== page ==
Compressors are acclaimed as to what imparts character to modern music, and in the beggining that’s hard to grasp. As you learn how to mix you start realising that pros use different kinds of compressors for different things, and you start wondering what really is the difference. Compressors can be essentially divided into four categories. Here is a cheat sheet to help you with your productions and to determine when to use each kind.
– Compression based on peaks;
– Fast attack and release;
– Transparent and thin;
– Used for controling peaks in very percussive tracks – guitars, drums, spiky vocals;
– Transparent buss compression;
– Mastering applications.
– Less sensitive to transients, peaks and sudden spikes;
– Sluggish attack and initially fast release, with a slow return to null state (Some optos have two release knobs);
– Musical and transparent;
– Evening macro-dynamics;
– Used to even out vocals; strings and bass;
– Used with sidechain compression on mix bus to avoid pumping.
– Ratio increases with gain reduction;
– Slow attack and release;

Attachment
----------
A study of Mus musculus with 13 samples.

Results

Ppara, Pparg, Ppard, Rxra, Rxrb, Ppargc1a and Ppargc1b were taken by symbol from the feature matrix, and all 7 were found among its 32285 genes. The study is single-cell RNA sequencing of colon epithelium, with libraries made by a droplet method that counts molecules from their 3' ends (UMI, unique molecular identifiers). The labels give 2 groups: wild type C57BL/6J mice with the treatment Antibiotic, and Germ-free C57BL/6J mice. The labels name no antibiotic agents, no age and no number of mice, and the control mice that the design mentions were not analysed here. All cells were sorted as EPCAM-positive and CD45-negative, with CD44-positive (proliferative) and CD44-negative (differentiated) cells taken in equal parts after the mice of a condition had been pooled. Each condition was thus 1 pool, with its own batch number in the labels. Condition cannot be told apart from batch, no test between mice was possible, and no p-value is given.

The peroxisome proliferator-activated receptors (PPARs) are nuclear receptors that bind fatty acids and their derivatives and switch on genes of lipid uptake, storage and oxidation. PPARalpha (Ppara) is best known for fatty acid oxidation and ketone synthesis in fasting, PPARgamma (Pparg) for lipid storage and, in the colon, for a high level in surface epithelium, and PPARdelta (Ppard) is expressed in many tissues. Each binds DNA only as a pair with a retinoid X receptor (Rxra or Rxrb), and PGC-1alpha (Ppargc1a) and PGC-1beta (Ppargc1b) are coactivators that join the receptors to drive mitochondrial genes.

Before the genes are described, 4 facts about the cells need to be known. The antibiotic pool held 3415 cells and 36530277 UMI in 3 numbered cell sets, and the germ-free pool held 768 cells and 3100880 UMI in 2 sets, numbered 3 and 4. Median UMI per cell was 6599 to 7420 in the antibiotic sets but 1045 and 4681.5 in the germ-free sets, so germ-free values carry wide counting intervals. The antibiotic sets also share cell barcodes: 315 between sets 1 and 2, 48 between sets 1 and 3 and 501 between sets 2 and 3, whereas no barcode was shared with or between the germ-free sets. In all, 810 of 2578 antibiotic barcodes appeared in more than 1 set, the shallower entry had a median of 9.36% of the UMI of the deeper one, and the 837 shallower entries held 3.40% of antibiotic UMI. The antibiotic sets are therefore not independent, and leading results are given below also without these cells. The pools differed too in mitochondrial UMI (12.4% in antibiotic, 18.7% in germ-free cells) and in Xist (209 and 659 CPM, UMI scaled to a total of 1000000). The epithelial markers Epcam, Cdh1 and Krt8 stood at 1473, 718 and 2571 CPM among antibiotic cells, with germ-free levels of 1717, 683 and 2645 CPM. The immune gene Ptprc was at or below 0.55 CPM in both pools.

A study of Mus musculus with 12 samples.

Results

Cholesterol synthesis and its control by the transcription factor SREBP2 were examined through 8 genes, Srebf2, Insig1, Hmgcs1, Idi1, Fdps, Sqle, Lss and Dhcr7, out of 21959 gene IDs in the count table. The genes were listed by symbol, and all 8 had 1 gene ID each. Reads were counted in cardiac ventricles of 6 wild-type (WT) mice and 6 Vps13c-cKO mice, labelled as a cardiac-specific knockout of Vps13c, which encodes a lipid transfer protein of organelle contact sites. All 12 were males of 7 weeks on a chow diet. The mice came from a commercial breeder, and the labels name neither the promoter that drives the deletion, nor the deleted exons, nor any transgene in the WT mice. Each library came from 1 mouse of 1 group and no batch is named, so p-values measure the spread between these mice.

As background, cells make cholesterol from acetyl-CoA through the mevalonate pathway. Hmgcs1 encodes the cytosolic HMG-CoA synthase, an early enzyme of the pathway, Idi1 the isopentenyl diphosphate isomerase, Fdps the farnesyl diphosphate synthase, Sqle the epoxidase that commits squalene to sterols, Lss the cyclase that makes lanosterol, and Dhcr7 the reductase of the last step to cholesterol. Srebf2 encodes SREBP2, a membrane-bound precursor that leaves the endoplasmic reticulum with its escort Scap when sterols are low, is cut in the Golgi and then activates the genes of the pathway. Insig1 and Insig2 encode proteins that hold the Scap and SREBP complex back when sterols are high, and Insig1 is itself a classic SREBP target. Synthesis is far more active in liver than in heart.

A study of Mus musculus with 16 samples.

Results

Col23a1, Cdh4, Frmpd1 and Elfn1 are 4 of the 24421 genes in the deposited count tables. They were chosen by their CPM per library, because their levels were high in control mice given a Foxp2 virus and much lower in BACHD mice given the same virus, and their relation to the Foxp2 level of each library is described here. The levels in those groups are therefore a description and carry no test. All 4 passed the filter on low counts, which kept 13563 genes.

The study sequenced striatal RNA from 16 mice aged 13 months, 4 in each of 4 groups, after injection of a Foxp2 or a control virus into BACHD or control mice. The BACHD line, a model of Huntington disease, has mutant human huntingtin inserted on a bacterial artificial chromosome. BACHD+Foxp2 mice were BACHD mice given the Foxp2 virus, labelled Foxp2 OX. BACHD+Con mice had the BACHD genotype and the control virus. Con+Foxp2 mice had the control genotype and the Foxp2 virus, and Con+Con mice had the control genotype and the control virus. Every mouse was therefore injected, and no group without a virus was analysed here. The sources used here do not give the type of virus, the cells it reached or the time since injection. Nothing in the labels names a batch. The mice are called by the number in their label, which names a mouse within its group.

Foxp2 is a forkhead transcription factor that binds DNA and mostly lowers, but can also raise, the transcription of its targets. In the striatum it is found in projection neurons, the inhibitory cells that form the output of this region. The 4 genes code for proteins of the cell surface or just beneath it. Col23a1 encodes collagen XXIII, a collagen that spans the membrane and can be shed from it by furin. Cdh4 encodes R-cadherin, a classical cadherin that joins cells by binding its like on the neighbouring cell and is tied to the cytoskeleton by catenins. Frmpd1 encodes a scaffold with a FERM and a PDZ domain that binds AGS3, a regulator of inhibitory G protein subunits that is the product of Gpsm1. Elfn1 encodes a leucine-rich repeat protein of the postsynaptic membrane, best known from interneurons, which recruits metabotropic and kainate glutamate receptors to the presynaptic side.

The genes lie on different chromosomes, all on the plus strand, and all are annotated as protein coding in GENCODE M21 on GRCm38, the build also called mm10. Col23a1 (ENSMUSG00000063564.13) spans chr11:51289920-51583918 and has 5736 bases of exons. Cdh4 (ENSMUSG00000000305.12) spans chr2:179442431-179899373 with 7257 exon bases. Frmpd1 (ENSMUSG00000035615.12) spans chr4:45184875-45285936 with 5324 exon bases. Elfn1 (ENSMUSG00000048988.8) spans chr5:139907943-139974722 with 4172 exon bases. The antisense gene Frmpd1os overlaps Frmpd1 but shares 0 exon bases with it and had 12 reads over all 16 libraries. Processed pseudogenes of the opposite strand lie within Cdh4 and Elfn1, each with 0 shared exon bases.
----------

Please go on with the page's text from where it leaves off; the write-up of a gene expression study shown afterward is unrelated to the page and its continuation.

– Warm and rich;
– Great for thickening and warming thin tracks;
– Used in drum tracks, drum buss, vocals, piano and acoustic guitars;
– Used with sidechain compression on mix bus to avoid killing bass.
– Super fast attack and release;
– Punchy and snappy;
– Warm distortion;
– Lot of character;
– Drum busses, snares, kicks, and have a desirable tendency to shoot a lead vocal straight to the front and center of a mix.
– Flexible compressor;
– Distorts low frequencies;
– Fat and saturated sound;
– It saturates more as the input level increases;
– Used for fattening up tracks where you want to keep detail in the mids, like the bass, or horns;
– Used for when you want a character not as gritty as a fet, and more pronounced than a variable-mu.